PART TWO: FIRST SURGE
The rain started during the night. When Sor shut his eyes sometime before midnight, gazing up at the sky, the stars had been winking brightly at him and the slender crescent of the waxing moon had been sliding toward the horizon. Shortly thereafter, the clouds had come scudding in from the northwest, bringing with them a plummet in temperature and a storm citizens of Devforth frequently referred to as an "Autumn splash."
Sor awoke with the falling of the first cold, fat drop on his face. By the time he sat up in his bedroll, it was raining steadily, and it didn't take more than a few minutes for the precipitation to become a downpour.
There was little a common soldier could do other than get wet. The high-ranking officers had tents, but everyone else was supposed to endure the rigors of the weather. Professional militia men were not to be disturbed by little things like long marches, blistered feet, and getting soaked in the middle of the night. Sor grimaced considering the sort of advice his unwanted companion of the day would have given him.
At least his unease about the coming battle was gone. Glancing around, Sor saw no evidence of the lieutenant who had come to his and the others' cookfire and taught them the value of singing and joking on the eve of war. Right now, that man was probably sleeping soundly beneath one of a dozen canvas pavilions.
Although he would never have admitted it, a part of Sor wished at the moment he was home beneath his parents' roof - warm and dry. If love meant making the kinds of sacrifices he had gone through today, he was sure it was overrated. The poets never wrote ballads about sore calves, muddy campsites, and wet bedrolls.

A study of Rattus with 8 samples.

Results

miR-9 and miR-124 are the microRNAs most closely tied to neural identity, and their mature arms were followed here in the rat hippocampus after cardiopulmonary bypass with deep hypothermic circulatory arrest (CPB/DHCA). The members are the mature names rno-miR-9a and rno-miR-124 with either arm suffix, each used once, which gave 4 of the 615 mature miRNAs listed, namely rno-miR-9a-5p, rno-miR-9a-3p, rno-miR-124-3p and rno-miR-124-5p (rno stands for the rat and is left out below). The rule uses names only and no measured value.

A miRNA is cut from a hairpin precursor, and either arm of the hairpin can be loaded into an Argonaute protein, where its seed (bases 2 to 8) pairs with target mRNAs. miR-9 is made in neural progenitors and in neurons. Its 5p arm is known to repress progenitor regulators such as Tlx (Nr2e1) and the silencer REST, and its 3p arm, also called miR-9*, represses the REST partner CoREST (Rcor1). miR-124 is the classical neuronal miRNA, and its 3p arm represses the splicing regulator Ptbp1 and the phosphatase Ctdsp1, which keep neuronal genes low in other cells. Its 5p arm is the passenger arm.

"Are you awake?" came a voice from out of the darkness nearby. It was a silly question, since Sor, sitting up, was obviously not asleep. He turned to see that another of the small group of recruits, a lad named Tui, had shed his blankets and gotten to his feet.
Tui was about a year older than Sor. He was good looking, with a lean body and shoulder-length fair hair, and sunny-natured. His parents were farmers although, according to him, his father was the son of nobles who had gone into hiding around the time of the purge. Sor didn't know whether to believe Tui about this or not but, either way, it was a harmless story.
"What is it?" asked Sor, also rising. He didn't see himself getting any more sleep in this weather. Used to curling up next to a fire on a night like this, the idea of rolling around in freezing mud lacked appeal.
"There's a rumor we may not be going on to Tsab tomorrow - the city has already fallen and we're on our way back to Vorti to defend her against an invasion."
"Who says this?"
Tui shrugged. "I heard a pair of sentries talking. They said a messenger arrived a few hours ago, and the pair that just rode in were also from the front. The lights have been on in the queen's tent all night, and none of the battle commanders have gone back to their own pavilions."
"They're planning," said Sor.
Tui shook his head. "They had everything planned beforehand. The only reason they'd be meeting this late is if they were changing the strategy. Mark my words, when we march tomorrow, it will be east, not west."
"And what does that mean for Tsab?"
"I'd think that was obvious. If we head for home, it means there is no more Tsab."